Using free market appraisals to your advantage


Designed primarily as the first contact point in what agents hope is a lifelong relationship, the obligation-free quote can be a positive experience for interested parties, depending on how it is handled. 

In effect, the appraisal should be the first step towards obtaining at least three opinions of your property’s value, with the median (or middle) value probably a more accurate indication of its worth. 

Is the price right?

It’s fair to think that a good agent should accurately predict within 10 per cent of the sale price, so if the figure quoted seems too high or too low, this might be due to highlighting flaws in the marketing or valuation processes.

Of course, there will always be properties that defy expectations, but these are the exception rather than the rule. 

Marketing, commissions, auctioning styles and gut instinct should also form part of your assessment about who you entrust with a job that will have a major financial impact on your future. 

The makings of a sound appraisal

Any appraisal should include advice on how to present your property in its best light, and whether any potential improvements are worth carrying out.

Always remember that most buyers instinctively cast an eye over the external appearance. If it appeals, they will investigate further. If not, they will turn their attentions to other properties. 

That’s why — in the case of a house — it’s vital to first pay attention to your garden and path leading to the front door. Oiling gates, repairing cracked tiles, cleaning windows, polishing door handles and ensuring the doorbell works make lasting impressions. 

Inside story

Then, once inside, it’s important to create an invitingly lived-in look, which your agent can advise you about in terms of lighting, fragrances, pets and general tidiness.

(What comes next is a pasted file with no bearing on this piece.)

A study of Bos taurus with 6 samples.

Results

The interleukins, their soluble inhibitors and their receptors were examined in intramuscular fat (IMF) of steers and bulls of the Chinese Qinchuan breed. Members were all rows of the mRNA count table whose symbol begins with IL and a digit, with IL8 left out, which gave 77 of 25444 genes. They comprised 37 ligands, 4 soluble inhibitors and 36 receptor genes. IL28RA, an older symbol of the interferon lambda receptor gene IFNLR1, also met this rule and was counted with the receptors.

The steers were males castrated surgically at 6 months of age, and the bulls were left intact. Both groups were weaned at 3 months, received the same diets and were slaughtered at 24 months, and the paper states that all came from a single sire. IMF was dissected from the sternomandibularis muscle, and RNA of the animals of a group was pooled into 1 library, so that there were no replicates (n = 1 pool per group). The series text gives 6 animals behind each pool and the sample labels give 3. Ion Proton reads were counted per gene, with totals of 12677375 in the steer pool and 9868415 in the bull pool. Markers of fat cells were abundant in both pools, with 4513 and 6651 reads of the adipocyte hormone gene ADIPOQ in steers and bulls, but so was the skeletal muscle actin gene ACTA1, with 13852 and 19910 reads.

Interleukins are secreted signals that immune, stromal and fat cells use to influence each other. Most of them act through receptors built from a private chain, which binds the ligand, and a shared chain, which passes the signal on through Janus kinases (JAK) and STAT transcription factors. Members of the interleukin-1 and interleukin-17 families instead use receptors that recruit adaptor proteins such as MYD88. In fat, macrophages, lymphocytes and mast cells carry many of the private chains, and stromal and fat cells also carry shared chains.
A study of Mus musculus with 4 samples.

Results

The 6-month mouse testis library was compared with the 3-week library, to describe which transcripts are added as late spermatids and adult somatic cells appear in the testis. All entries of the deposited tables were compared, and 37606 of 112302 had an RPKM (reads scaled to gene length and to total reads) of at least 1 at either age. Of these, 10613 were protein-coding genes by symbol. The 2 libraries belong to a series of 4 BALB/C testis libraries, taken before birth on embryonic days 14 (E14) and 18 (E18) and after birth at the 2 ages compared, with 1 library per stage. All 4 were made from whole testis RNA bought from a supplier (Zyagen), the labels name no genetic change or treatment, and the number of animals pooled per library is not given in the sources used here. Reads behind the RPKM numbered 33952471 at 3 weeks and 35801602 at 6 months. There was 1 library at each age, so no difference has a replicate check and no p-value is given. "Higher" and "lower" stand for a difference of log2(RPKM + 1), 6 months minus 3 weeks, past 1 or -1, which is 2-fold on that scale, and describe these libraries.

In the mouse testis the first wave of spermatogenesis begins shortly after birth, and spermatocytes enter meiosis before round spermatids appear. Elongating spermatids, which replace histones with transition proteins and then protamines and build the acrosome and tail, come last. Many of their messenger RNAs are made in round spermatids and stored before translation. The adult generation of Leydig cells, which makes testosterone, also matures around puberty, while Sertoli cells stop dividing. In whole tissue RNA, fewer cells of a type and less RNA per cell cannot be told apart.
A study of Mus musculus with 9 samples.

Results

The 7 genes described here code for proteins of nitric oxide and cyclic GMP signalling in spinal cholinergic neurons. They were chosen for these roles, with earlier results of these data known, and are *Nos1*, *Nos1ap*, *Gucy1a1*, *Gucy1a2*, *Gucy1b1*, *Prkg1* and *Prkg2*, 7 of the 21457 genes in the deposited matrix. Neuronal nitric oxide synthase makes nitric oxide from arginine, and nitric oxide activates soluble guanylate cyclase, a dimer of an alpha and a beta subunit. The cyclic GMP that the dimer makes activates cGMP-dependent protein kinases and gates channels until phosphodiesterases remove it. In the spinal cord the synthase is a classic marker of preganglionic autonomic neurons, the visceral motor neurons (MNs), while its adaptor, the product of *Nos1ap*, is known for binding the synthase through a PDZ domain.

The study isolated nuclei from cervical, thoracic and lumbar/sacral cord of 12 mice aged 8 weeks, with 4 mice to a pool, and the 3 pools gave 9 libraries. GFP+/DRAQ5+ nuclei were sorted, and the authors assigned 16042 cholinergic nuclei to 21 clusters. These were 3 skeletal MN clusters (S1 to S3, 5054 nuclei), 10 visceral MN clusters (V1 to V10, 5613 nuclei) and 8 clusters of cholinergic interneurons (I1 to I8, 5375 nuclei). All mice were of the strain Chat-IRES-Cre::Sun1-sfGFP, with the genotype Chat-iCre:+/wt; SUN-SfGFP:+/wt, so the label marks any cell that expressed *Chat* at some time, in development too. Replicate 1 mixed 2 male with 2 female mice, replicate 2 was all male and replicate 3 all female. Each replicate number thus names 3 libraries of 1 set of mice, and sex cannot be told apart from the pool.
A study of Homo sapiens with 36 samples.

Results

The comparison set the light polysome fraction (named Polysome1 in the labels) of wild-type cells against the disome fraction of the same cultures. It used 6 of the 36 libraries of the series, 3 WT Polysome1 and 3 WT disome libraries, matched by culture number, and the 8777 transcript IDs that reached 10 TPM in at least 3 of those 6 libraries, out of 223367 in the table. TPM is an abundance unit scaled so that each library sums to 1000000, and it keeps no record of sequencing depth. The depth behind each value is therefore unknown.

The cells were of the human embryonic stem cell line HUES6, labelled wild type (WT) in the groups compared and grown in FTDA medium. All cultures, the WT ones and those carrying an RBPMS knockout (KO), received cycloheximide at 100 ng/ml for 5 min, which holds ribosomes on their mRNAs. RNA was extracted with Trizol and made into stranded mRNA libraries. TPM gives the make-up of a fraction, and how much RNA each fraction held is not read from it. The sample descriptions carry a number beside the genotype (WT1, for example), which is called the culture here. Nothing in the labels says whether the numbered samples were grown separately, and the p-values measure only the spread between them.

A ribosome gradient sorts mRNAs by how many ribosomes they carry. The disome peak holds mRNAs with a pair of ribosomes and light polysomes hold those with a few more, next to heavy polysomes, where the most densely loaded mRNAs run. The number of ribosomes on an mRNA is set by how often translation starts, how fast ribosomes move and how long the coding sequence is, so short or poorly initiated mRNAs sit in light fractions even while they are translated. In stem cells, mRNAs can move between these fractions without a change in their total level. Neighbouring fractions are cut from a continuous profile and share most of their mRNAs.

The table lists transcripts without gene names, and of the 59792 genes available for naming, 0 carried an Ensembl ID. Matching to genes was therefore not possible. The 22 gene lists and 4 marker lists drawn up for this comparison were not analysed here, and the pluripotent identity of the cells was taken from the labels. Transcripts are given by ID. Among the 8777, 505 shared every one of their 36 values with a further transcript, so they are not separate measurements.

The time-honoured enhancements of fresh flowers and brewing coffee are hard to ignore, as is adding a drop of vanilla essence on a warm hotplate for a just-finished-cooking aroma.

Vendors should keep their distance

But that doesn’t mean the presentation package includes you. The major reasons agents recommend that vendors not be present at inspections are two-fold. 

The first is for vendor protection. Because everyone has different tastes and levels of tact, eager buyers are always willing to offer their opinions about various parts of your home, which may cause offence to sensitive vendors already experiencing a wave of emotions. 

Secondly, homebuyers may feel they are intruding if you are there, possibly reducing the welcoming atmosphere you are trying to convey. After all, buyers are also seeking that special feeling when they walk through your door. 

Flexibility is essential

Many agents recommend vendors be flexible about inspections during the selling period, and to go for a coffee or to the park during inspections. 

Inspections are a necessary process in any selling period, but by adhering to a common goal, vendors can expect to reap rewards on auction day.

And that appraisal you acted upon could well be the difference between moving forward financially and being left behind.